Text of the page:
A matatu in Nairobi before they were ordered to remove tints on their windows.

Nairobi County governor Mike Sonko Mbuvi has banned all public service vehicles from accessing the Central Business District (CBD) in a bid to reduce traffic congestion in the city centre.

In the new move, all matatus accessing the CBD through Waiyaki Way/Uhuru Highway, Kipande Road, Limuru Road, Thika Road, Kiambu Road and Ruiru will have their new bus terminus at Murang’a Road (Fig Tree). All those vehicles that go past Ruiru but branch off before or at Kenol town on Nyeri/Meru-Nairobi Road will have their terminus at Desal Service Road Terminus.

All vehicles using Juja road, Ring Road, Ngala Road and Park Road to access the CBD will have their bus terminus at Ngara Road Terinus while those using Mombasa Road and Lang’ata Road will drop/pick passengers at the Hakati Terminus. Those plying Jogoo Road will terminate at Muthurwa.


“Also, the gazette seeks to block-pave, light-up and install CCTV Pedestrian sidewalks along all roads in Nairobi,” he added.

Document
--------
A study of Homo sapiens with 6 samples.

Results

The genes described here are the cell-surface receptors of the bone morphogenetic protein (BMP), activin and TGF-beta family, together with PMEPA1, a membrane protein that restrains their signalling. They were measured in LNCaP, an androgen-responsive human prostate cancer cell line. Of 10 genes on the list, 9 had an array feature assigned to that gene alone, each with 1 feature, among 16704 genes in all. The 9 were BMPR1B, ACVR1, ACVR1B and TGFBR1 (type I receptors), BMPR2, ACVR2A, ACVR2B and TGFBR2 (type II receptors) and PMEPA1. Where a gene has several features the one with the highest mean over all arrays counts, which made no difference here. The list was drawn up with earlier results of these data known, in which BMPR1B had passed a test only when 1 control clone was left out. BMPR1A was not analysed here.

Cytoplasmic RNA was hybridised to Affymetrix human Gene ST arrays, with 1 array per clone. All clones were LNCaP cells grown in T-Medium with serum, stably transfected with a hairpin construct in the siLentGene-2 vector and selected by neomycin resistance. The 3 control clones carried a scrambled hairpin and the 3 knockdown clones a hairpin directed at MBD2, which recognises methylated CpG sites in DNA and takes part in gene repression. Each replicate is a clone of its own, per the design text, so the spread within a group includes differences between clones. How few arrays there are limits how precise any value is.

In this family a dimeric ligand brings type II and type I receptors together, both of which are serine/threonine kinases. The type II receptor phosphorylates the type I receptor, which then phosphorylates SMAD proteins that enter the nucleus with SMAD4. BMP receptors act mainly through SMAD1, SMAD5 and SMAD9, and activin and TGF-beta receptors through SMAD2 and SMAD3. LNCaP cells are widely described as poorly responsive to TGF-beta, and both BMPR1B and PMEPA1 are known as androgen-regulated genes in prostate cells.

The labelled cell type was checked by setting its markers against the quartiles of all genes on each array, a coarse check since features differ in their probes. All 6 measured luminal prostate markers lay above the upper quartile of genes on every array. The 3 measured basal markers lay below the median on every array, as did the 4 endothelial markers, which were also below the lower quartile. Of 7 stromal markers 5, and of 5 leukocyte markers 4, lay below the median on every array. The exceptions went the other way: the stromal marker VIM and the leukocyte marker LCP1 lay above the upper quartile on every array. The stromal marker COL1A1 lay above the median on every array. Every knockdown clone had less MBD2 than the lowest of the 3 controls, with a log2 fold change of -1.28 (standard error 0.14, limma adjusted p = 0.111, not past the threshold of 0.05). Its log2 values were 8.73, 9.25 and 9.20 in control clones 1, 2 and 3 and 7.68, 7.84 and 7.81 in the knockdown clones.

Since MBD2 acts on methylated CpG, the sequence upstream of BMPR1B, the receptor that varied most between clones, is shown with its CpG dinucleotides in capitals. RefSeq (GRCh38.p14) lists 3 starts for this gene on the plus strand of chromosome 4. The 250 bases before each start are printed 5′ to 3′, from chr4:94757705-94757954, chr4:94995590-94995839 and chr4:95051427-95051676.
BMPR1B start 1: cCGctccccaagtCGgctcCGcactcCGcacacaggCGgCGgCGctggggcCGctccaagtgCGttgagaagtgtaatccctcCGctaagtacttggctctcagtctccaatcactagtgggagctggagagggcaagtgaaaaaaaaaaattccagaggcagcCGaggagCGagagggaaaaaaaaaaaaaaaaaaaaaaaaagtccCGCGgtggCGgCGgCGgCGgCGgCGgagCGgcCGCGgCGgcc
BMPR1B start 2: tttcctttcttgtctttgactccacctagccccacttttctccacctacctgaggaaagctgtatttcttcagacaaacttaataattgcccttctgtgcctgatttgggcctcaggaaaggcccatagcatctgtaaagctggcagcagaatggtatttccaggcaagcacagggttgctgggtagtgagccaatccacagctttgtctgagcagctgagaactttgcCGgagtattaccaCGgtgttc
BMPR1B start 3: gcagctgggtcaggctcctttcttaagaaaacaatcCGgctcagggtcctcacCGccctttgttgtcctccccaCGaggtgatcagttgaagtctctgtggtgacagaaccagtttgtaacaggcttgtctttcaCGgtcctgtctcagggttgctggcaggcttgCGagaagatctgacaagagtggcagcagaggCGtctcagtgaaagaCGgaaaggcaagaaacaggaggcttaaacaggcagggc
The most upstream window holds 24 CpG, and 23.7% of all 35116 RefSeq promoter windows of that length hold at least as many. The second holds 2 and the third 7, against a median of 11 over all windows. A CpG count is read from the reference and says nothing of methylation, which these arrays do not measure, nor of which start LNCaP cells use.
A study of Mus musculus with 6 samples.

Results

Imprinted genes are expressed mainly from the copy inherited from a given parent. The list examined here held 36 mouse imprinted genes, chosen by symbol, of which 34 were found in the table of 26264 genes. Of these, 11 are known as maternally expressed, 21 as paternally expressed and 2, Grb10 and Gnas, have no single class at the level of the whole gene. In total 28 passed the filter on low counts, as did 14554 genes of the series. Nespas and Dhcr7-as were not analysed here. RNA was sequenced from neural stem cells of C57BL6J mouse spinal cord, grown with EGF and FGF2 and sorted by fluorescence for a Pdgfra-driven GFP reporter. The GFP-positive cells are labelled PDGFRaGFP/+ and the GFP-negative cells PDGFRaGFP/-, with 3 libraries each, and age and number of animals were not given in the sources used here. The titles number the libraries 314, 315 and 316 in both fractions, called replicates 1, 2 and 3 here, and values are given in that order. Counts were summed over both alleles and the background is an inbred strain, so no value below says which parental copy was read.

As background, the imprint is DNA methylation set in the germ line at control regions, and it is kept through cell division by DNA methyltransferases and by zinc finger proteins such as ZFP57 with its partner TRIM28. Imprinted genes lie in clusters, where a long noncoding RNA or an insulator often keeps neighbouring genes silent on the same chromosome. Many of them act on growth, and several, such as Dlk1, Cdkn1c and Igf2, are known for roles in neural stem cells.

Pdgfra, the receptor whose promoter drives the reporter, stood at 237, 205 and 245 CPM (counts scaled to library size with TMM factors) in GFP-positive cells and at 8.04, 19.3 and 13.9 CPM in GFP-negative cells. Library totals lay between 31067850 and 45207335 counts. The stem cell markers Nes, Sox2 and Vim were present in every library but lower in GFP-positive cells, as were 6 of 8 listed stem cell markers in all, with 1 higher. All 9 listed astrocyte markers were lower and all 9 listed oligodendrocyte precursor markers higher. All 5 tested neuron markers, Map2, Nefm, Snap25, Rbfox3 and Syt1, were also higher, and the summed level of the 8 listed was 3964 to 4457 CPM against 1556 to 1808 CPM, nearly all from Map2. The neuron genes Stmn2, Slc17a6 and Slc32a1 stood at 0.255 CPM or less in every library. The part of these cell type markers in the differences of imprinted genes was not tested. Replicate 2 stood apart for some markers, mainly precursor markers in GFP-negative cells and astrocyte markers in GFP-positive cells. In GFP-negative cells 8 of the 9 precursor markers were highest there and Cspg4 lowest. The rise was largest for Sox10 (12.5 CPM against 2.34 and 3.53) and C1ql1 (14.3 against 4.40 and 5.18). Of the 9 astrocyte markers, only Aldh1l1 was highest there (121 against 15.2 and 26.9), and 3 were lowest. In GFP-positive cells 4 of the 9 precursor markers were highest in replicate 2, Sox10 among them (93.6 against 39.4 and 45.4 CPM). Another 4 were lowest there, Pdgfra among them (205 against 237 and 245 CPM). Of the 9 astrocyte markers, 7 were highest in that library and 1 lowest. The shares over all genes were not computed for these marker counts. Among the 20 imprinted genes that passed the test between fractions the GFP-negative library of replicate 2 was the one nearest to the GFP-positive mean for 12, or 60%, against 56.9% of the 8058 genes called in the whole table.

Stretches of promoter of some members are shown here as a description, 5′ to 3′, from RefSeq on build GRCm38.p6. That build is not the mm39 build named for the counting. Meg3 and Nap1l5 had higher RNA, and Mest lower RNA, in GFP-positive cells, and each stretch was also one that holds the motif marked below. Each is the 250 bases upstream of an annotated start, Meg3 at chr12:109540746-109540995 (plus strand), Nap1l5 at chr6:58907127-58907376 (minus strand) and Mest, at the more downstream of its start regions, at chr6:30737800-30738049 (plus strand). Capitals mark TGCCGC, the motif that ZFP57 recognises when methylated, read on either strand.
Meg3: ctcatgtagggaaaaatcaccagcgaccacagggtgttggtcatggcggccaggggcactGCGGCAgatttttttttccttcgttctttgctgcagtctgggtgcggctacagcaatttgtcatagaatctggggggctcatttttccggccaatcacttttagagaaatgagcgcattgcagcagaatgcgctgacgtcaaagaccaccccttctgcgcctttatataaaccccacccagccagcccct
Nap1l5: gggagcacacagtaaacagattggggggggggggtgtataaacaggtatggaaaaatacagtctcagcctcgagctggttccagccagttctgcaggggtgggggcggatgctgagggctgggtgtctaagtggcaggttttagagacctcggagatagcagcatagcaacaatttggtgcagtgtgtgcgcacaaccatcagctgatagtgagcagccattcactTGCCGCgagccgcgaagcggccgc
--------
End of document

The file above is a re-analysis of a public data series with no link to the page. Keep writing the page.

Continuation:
But in a quick rejoinder, Consumers Federation of Kenya (Cofek) praised the effort, however recommending certain measures to be put in place before fully implementing the ban.

“The Consumers Federation of Kenya (Cofek) welcomes the notification by the Nairobi City County government to bar Public Service Vehicles (PSV’s) from the Central Business District from September 20, 2017,” read a statement from Cofek. “We are constrained to caution that the rushed move to bar PSVs from the CBD is not only insufficient but unsustainable to say the least. Nairobi needs a fully integrated traffic management plan with corresponding investment.”


Among suggestions from the consumer body include introduction of proper and corruption-free enforcement mechanisms, both human and technological, sufficient parking lots and adequate sheds to protect Kenyans from adverse weather at the proposed new termini for PSVs, ban private cars, including those of VIPs from the CBD, heavy trucks be kept off Uhuru Highway and deliveries into the CBD be done at night, hawking be regulated and strictly enforced among other issues.

The ban will take effect next Wednesday  and will be enforced by the Traffic Police, National Transport and Safety Authority (NTSA) and the City County Traffic Marshals.